The Kyoto Protocol was adopted in December 1997 at the 3rd session of the Conference of the Parties (COP 3) to the United Nations Framework Convention on Climate Change (UNFCCC). It is the most important global environmental agreement. Over and above its significance as a milestone in global efforts to combat climate change, it has a great impact on development policy and constitutes a new component in the world economic order. As an element of effective global governance, the Kyoto Protocol is symbolic and acts as a model.
The Kyoto Protocol entered into force on 16 February 2005 following its ratification by Russia in late October 2004, which meant the condition for entry into force had been met: at least 55 Parties to the UNFCCC, accounting for at least 55% of total CO2 emissions for 1990 of the so-called Annex I Parties (industrialised countries), had ratified it.
The Kyoto Protocol – a milestone in global efforts to combat climate change
With the Kyoto Protocol, the international community agreed for the first time on binding targets and measures for combating climate change. The Kyoto Protocol stipulates global ceilings for greenhouse gas emissions. The industrialised countries recognise their historical responsibility for global warming: accordingly, they (rather than the developing countries) are taking the first step by undertaking to cut emissions in the first commitment period 2008-2012.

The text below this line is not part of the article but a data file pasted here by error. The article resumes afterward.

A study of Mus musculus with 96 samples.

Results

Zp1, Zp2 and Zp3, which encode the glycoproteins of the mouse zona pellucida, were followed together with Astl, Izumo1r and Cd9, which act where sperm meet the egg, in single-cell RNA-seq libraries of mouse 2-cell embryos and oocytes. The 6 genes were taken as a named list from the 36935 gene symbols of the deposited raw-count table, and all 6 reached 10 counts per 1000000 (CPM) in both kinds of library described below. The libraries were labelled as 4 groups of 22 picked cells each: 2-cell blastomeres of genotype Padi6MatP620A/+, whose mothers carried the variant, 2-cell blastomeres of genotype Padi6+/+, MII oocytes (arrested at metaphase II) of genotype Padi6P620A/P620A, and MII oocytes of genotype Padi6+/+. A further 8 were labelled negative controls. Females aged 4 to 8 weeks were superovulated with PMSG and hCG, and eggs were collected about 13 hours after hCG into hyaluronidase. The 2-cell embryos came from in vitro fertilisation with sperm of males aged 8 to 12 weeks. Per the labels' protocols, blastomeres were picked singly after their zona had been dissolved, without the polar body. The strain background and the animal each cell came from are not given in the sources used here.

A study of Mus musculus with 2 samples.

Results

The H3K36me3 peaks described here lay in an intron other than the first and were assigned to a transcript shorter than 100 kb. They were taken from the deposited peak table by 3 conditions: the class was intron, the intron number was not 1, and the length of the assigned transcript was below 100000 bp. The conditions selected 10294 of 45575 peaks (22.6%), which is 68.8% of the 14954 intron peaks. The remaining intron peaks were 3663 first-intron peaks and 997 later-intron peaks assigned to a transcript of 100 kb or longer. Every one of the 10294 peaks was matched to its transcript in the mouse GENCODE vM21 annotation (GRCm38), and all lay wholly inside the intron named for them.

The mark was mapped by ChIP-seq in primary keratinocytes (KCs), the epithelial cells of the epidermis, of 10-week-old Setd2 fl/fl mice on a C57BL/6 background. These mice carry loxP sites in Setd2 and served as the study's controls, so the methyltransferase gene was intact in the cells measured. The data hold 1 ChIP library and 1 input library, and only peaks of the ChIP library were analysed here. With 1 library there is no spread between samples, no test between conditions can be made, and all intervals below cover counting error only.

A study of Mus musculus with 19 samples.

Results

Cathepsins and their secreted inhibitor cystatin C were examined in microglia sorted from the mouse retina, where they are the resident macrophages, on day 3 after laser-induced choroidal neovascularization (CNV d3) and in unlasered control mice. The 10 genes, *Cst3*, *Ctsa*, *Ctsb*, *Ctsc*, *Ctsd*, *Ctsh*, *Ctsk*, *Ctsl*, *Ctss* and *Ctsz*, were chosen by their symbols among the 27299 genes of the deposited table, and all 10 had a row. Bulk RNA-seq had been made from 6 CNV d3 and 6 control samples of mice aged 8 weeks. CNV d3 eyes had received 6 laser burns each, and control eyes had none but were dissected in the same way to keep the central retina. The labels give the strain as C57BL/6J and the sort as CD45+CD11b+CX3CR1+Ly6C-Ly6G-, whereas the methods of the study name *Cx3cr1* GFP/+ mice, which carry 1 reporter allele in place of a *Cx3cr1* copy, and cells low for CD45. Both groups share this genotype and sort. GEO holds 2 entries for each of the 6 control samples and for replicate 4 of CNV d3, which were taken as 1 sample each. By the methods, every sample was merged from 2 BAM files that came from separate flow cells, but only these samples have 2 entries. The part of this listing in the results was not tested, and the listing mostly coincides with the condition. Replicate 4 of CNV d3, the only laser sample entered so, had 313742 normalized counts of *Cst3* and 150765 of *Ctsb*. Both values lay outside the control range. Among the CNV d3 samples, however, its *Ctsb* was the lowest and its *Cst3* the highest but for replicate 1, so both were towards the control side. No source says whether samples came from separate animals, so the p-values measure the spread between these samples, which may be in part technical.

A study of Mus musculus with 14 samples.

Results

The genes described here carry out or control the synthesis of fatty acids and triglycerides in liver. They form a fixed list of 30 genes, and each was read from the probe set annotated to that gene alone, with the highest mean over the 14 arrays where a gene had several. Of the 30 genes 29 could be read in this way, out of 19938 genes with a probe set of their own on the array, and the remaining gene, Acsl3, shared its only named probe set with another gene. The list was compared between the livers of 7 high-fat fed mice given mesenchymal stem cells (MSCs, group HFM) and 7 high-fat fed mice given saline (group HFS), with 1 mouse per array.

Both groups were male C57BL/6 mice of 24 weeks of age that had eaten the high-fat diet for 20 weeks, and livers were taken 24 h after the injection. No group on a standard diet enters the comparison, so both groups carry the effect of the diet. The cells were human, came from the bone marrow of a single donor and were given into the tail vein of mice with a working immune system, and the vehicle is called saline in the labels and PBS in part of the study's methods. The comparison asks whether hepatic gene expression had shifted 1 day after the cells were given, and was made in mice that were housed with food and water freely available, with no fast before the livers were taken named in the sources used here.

The industrialised countries have recognised their historical responsibility for global warming: accordingly, they (and initially not the developing countries) took the first step by undertaking to cut emissions in the first commitment period 2008-2012. Besides cutting their own emissions, countries have at their disposal three flexible instruments to help attain this goal: Emissions Trading (global trading in emissions rights), Joint Implementation (technology development and transfer) and the Clean Development Mechanism (implementation of measures in developing countries).
The European Union has pledged to reduce its joint emissions of the main greenhouse gases by at least 5.2% as against 1990 levels over the period 2008-2012. It has lived up to its commitment: in the period 2008-2012, emission levels in the then 15 EU member states fell by an average of 12.2% against 1990 levels. Within the framework of the EU burden-sharing mechanism, Germany had undertaken to cut its greenhouse gas emissions by an average of 21% as compared to 1990 levels by 2012. Germany did indeed manage to reduce its emissions by an average of 23.6% in this period.
The Kyoto Protocol’s first commitment period expired at the end of 2012. At the Conference of the Parties in Durban in 2011 and Qatar in 2012 a second commitment period, to expire in 2020, was agreed. Further European countries and Australia are participating alongside the (then) 27 EU member states. They have pledged to reduce their emissions by an average of 18% (as against 1990 levels) over the period 2013-2020. Within this framework the European Union pledged to a reduction of an average of 20%. For Germany that means reducing its emissions by an estimated 30-33%. However, other industrialised countries, namely Russia, Canada, New Zealand and Japan have refused to take part in the second commitment period.
The Kyoto Protocol uses a unique system for monitoring compliance. Moreover, three funds were set up to help the developing countries adapt to global warming and implement their own climate protection measures. As well as reducing their own emissions, states can use three flexible instruments to achieve their Kyoto goals:
- Emissions Trading (global trading in emissions rights),
- Joint Implementation (technology development and transfer),
- Clean Development Mechanism (implementation of measures in developing countries).